Our gazetteer of British crime is back and in this instalment we’re off to an area of England that gave birth to the great literary talent DH Lawrence and was also home to that publishing industry institution the Ladybird books. Yes, it’s the East Midlands and as we’ll discover there’s more to it than Walkers crisps, pork pies and paint factories.
In case you’ve missed our previous gazetteer entries, we’ve been to Northern Ireland, West Midlands, North East, South West, East Anglia and Scotland. If you come back soon, we’ll be off somewhere else, but let’s turn our eye to the centre of England.
Part 7: The East Midlands
Sometimes called The Shires, we aren’t talking about a Tolkien spin-off but the counties of Derbyshire, Leicestershire, Lincolnshire and Nottinghamshire. Only Lincolnshire has a coastline, and Leicestershire is usually known for its fox-hunting traditions, trademark pork pies and delicious cheese. However, we have four authors – two living and two dead – who have in their own ways made an indelible mark on British crime fiction.
Although John Harvey has written excellent stand-alone novels, it is for the lugubrious and jazz-loving Charlie Resnick series that he is best known. Memorably brought to life on the small screen by Tom Wilkinson, Resnick polices his home city of Nottingham with a fatalistic view of life. The first novel in the series, Lonely Hearts was published in 1989 and was named by The Times as one of the 100 greatest crime novels of the 20th century. What appears to be the final novel in the set was published in 2014. Darkness, Darkness is set against the bitterness which is the lasting legacy of the 1984 Miners’ Strike and is a wonderful read whether you care for politics or not.
Stephen Booth uses Derbyshire’s Peak District – just at the northern edge of he East Midlands – as the stomping ground for his police detectives Ben Cooper and Diane Fry. Booth himself was born in the Northwest, in Burnley to be precise, but hit the ground running in 2000 with Black Dog, first in the series. He has since written 13 more books in Cooper and Fry novels, and you can follow the links to read our reviews of Already Dead and The Corpse Bridge. Booth uses the High Peak as a third main character in his novels, and as you read you will need to be warmly wrapped up and prepared for all kinds of weather.
Colin Watson brought us Flaxborough. Not a real place in one sense, but very much an accurate portrait of market towns in south Lincolnshire. Sleaford, perhaps? Boston? Boston is a port town, much diminished from its glory days, but still looking eastward to the North Sea, as is Flaxborough. A large part of Watson’s professional life was spent as a newspaper reporter in and around Boston. His Flaxborough novels feature Inspector Purbright, a mild-mannered individual whose placid exterior masks a keen intelligence and a very keen nose for mischief. Watson’s wonderful use of language, and his subtlety, have rightly earned him a place at the top table of British crime fiction. Click the link to read our feature on The Flaxborough Chronicles.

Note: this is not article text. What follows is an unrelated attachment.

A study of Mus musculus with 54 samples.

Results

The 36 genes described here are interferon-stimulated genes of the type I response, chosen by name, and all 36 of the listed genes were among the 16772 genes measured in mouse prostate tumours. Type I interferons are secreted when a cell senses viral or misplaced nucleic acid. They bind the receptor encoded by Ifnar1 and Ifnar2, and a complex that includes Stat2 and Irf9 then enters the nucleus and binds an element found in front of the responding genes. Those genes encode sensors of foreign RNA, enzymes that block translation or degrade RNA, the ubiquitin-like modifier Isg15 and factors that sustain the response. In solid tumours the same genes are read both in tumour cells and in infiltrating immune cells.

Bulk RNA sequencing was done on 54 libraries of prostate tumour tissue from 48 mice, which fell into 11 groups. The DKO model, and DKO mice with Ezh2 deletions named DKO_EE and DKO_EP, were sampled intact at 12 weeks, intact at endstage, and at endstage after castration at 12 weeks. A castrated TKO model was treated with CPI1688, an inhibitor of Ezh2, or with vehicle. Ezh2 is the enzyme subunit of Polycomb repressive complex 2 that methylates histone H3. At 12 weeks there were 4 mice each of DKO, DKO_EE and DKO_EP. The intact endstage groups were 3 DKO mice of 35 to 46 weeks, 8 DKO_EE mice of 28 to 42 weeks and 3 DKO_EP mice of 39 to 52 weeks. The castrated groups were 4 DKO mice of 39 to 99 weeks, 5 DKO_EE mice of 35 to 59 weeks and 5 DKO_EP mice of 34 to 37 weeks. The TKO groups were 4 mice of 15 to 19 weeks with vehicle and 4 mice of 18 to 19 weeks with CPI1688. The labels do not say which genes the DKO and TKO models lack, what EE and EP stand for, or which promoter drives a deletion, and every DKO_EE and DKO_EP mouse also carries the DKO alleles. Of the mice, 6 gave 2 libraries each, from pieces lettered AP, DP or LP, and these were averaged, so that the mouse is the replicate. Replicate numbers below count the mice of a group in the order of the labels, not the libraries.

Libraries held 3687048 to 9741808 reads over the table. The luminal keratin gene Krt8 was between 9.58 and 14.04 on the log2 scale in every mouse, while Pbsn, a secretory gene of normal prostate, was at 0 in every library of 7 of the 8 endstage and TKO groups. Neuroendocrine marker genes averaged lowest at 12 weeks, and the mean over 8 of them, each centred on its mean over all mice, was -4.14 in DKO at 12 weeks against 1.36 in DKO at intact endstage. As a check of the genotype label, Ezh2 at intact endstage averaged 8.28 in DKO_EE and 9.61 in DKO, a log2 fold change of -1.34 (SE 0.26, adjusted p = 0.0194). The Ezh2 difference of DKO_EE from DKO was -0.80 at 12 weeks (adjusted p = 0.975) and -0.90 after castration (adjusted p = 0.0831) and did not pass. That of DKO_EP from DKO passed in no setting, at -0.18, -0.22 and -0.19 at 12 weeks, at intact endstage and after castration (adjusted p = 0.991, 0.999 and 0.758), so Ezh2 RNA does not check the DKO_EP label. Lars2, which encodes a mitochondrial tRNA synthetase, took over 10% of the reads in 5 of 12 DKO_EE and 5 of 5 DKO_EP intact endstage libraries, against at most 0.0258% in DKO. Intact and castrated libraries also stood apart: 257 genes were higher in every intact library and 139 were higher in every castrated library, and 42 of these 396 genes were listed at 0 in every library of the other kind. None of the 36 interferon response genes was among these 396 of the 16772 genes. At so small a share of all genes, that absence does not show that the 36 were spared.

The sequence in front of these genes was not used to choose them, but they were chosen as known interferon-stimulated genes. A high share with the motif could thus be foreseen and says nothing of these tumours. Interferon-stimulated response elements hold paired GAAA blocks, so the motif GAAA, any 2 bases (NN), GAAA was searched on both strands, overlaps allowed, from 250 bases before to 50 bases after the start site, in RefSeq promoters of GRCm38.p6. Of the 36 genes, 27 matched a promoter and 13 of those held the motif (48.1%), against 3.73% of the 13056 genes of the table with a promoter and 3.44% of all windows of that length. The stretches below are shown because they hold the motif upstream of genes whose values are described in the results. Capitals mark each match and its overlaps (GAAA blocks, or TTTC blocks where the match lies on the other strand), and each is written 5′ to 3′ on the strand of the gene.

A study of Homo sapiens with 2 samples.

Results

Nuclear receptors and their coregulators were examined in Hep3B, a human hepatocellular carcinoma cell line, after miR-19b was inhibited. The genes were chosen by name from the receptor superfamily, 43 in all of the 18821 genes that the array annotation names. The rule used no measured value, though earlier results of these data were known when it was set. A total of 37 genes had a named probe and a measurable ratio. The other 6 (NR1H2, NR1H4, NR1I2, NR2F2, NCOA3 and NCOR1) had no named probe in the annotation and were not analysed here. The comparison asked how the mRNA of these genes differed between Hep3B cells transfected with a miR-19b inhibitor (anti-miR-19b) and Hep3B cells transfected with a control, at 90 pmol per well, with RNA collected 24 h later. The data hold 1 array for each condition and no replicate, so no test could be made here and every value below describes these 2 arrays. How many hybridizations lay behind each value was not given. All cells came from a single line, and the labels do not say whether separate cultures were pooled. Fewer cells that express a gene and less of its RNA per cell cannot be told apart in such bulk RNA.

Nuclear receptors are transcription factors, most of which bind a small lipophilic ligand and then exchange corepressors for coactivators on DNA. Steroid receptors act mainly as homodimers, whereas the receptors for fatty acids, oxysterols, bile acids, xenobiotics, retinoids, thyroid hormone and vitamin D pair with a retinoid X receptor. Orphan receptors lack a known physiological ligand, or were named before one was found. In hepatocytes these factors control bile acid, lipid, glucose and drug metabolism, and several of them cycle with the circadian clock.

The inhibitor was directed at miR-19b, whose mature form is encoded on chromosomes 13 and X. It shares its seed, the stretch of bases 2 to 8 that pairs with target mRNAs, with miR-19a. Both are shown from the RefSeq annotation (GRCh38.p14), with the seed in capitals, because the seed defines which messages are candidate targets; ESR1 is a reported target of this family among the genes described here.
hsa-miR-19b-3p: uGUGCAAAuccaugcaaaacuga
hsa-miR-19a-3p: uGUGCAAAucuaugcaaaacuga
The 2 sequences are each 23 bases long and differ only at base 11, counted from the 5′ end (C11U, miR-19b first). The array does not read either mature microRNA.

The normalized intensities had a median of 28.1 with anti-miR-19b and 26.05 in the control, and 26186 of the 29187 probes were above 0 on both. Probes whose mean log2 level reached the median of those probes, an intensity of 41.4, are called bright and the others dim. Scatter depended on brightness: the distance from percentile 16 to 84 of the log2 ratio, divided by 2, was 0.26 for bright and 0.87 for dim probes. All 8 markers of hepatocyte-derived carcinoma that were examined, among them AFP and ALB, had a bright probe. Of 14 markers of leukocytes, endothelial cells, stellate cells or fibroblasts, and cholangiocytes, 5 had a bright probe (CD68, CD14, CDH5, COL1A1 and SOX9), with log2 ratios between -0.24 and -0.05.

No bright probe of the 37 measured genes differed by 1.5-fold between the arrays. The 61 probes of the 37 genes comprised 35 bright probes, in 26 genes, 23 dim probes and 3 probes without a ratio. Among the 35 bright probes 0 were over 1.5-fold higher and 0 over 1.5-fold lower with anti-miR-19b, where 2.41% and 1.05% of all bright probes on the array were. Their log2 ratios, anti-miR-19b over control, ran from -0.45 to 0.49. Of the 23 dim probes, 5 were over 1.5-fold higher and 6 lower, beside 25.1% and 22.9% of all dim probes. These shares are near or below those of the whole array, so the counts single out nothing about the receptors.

“Ted Lewis? Surely he’s a proper Geordie? That’s where Michael Caine went in Get Carter, up to Newcastle?” Well, while it’s true that the classic film was set in Newcastle, Lewis aficionados will know that the book on which it was based – Jack’s Return Home – was set in and around the former steel making town of Scunthorpe, in North Lincolnshire. Lewis was born in Manchester, but his family moved to Barton-on-Humber, and it was there that Lewis died in 1982, in his mother’s house, a great writer but a hopeless alcoholic. Much of his final novel, GBH, is set in the Lincolnshire seaside town of Mablethorpe. Lewis describes it very much as an out-of-season wasteland, full of seedy bars and tatty talent shows. It was a place he would have been familiar with as a child, and you can read our appreciation of Ted Lewis and his writing by clicking this link.
Finally, there’s Steven Dunne, whose Damen Brook novels are set in the redbrick city of Derby. “Derby is perfect,” Dunne told us in an interview. “It has the wildness of the Peaks to the north and the city is compact enough to have a small-town neighbourly feel and is well integrated racially. Its population is straight talking and hard working – in short, Derby is a very pleasant place to live and work. Even better, there are no other thriller writers describing serial killers stalking its streets – yet – so I have the place to myself.” He’s also produced a very fine police procedural series there, the most recent of which is A Killing Moon, and nary a bunnyman in sight…
And for a true East Midlands crime story, try Code of a Killer on DVD, which tells the story of the first use of DNA in a murder prosecution. It’s set in the Leicestershire village of Narnborough, as well as at the University of Leicester, where Dr Alex Jefferies developed the first genetic fingerprinting techniques.